In an another attack against legal immigration, on April 18th, 2018 Department of Justice announced the end of the Legal Orientation Program, which is offered through the Vera Institute of Justice. The program gives legal council to detained immigrants, providing guidance during a difficult time.

At a hearing yesterday with Senate appropriators, Attorney General Sessions acknowledged Congressional backlash against announcement of the end of the Legal Orientation Program.  The Legal Orientation Program (LOP) program will continue for now.

This falls on the heels of the Justice Department stating they want to cut backlog by placing a quota on judges who hear immigration cases. Judges are now required to hear seven hundred cases per year, which is slightly more than the average. While some judges hear more than a thousand cases per year, many people have complicated cases, hosting a variety of different moving parts, resulting often in longer trial processes.

This quota results in judges having to explain all of the legal options to immigrants, resulting in slower trial processes, which neither helps the backlog of cases, nor allows judges to meet their quotas. Ending the Legal Orientation Program would deepen the backlog further.

This unfortunately will result in confusion on behalf of immigrants who will not receive a fair trial due to a lack of understanding of their options, as well as further delay within the courts.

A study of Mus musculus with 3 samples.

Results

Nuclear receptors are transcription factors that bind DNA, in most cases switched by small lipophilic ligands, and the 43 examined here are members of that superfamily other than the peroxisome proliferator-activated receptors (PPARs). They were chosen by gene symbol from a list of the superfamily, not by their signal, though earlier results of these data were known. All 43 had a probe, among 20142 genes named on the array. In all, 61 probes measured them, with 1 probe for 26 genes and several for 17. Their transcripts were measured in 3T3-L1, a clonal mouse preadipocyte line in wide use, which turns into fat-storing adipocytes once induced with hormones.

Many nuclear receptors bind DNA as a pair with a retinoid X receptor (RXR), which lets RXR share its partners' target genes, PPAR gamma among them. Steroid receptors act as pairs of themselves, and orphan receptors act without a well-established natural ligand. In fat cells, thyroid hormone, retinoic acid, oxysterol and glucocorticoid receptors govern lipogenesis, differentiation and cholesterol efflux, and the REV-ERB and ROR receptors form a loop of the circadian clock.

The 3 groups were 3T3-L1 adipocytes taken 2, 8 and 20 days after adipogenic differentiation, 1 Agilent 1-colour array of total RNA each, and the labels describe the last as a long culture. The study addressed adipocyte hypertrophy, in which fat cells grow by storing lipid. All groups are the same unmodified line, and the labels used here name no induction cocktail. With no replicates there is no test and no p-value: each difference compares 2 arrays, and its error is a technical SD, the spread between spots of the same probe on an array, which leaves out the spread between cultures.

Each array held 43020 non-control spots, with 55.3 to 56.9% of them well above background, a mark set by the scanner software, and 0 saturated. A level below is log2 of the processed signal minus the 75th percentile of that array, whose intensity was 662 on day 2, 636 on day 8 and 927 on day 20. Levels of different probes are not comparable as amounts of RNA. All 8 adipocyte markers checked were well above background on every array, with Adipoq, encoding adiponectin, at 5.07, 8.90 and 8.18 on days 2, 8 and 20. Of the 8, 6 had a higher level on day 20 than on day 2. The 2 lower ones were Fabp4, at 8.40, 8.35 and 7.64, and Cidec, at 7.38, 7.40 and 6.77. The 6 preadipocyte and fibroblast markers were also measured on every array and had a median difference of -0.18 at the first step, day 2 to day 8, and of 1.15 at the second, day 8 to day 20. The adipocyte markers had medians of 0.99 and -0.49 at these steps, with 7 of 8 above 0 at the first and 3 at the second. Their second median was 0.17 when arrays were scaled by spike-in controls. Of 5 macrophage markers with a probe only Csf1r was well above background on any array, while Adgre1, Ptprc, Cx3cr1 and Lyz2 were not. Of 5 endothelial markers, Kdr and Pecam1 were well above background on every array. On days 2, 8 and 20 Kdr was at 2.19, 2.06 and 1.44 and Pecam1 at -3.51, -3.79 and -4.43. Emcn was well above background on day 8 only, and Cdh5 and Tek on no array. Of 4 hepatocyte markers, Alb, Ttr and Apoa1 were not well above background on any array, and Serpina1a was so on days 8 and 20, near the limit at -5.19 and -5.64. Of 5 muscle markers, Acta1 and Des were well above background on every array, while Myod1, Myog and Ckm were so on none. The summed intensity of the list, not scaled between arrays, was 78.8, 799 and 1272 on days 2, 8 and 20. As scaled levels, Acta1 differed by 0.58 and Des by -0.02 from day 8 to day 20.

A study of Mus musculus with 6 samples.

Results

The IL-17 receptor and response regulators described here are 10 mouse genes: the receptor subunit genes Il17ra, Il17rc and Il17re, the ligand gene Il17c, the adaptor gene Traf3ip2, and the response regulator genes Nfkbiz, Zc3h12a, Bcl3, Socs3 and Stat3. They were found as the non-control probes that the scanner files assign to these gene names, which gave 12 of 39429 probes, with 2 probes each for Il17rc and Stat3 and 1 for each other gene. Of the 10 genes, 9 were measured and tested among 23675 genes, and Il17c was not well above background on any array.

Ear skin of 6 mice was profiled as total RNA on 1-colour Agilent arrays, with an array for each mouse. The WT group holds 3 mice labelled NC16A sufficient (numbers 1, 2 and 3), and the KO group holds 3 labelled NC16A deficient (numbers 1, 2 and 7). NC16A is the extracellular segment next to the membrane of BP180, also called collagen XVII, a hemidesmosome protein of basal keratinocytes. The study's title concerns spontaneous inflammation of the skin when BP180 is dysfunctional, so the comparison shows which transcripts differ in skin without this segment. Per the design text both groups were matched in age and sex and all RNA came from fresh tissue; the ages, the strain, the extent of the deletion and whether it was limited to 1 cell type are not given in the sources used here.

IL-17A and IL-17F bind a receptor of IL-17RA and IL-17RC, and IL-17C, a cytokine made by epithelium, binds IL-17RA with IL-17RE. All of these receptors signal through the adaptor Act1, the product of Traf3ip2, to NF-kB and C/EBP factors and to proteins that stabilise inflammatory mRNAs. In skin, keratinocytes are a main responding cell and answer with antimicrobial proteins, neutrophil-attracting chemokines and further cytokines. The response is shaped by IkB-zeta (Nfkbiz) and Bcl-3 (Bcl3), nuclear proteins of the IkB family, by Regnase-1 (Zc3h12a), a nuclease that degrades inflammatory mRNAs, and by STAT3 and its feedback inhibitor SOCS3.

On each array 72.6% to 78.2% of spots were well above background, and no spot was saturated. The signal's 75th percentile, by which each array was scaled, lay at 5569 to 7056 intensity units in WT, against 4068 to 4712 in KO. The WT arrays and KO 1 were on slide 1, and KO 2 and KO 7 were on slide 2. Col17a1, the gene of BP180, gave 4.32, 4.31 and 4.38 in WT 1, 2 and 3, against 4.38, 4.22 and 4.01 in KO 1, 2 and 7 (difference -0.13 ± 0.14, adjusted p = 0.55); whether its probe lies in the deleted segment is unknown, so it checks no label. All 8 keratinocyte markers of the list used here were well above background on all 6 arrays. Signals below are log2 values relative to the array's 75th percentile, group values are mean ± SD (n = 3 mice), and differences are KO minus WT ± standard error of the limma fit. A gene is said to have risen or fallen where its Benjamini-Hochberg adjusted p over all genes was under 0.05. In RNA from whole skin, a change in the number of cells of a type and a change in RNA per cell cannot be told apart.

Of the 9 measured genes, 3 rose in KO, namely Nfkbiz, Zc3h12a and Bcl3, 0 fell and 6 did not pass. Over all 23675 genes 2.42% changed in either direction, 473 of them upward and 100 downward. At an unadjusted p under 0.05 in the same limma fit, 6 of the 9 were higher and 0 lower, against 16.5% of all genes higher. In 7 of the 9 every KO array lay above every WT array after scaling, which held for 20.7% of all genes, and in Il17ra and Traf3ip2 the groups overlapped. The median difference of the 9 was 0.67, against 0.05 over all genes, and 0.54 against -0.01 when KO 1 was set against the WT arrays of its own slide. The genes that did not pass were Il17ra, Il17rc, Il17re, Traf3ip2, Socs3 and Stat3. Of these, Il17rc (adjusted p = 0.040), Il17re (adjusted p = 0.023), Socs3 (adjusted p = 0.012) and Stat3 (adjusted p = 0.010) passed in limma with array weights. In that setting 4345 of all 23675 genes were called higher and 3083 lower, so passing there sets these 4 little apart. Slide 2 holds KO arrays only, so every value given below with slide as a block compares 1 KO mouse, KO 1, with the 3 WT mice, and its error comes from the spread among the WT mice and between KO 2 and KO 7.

Judge Ashley Tabaddor, president of the National Association of Immigration Judges, is quoted saying regarding this issue, “The overwhelming majority of the judges that are presiding over cases in those detention facilities have told us that [Legal Orientation Program] has been a very effective tool in making sure the cases are handled in a fair manner and that there is due process for the immigrant.”

Both Immigration and Customs Enforcement (ICE), as well as the Department of Justice have determined the Legal Orientation Program is a cost effective way to explain immigration precedent and the trial process and options to immigrants, as well as reduced overall time spent in court.

By rushing the process and requiring more cases to be heard,  appeals will be increase as well as cases heard by immigrants who can afford legal council, resulting in further back log.

Pratheepan Gulasekaram, who teaches immigration law at Santa Clara University, has a number of suggestions to cut the backlog while also providing further council. “If they want to actually solve the problem, they would be increasing the resources available to non-citizens in removal and detention, not cutting out programs. They could, for example, implement more rational, common sense, and humane enforcement tactics, rather than their current policy of reckless hyper-enforcement that place more people in the backlog with no discernible public safety benefits.”

The solution is to both hire more judges and to keep the Legal Orientation Program in place. This would cut the number of cases in backlog. The drawback is hiring judges who may be anti immigrant, resulting in further appeals by those who believe they have received an unfair trial.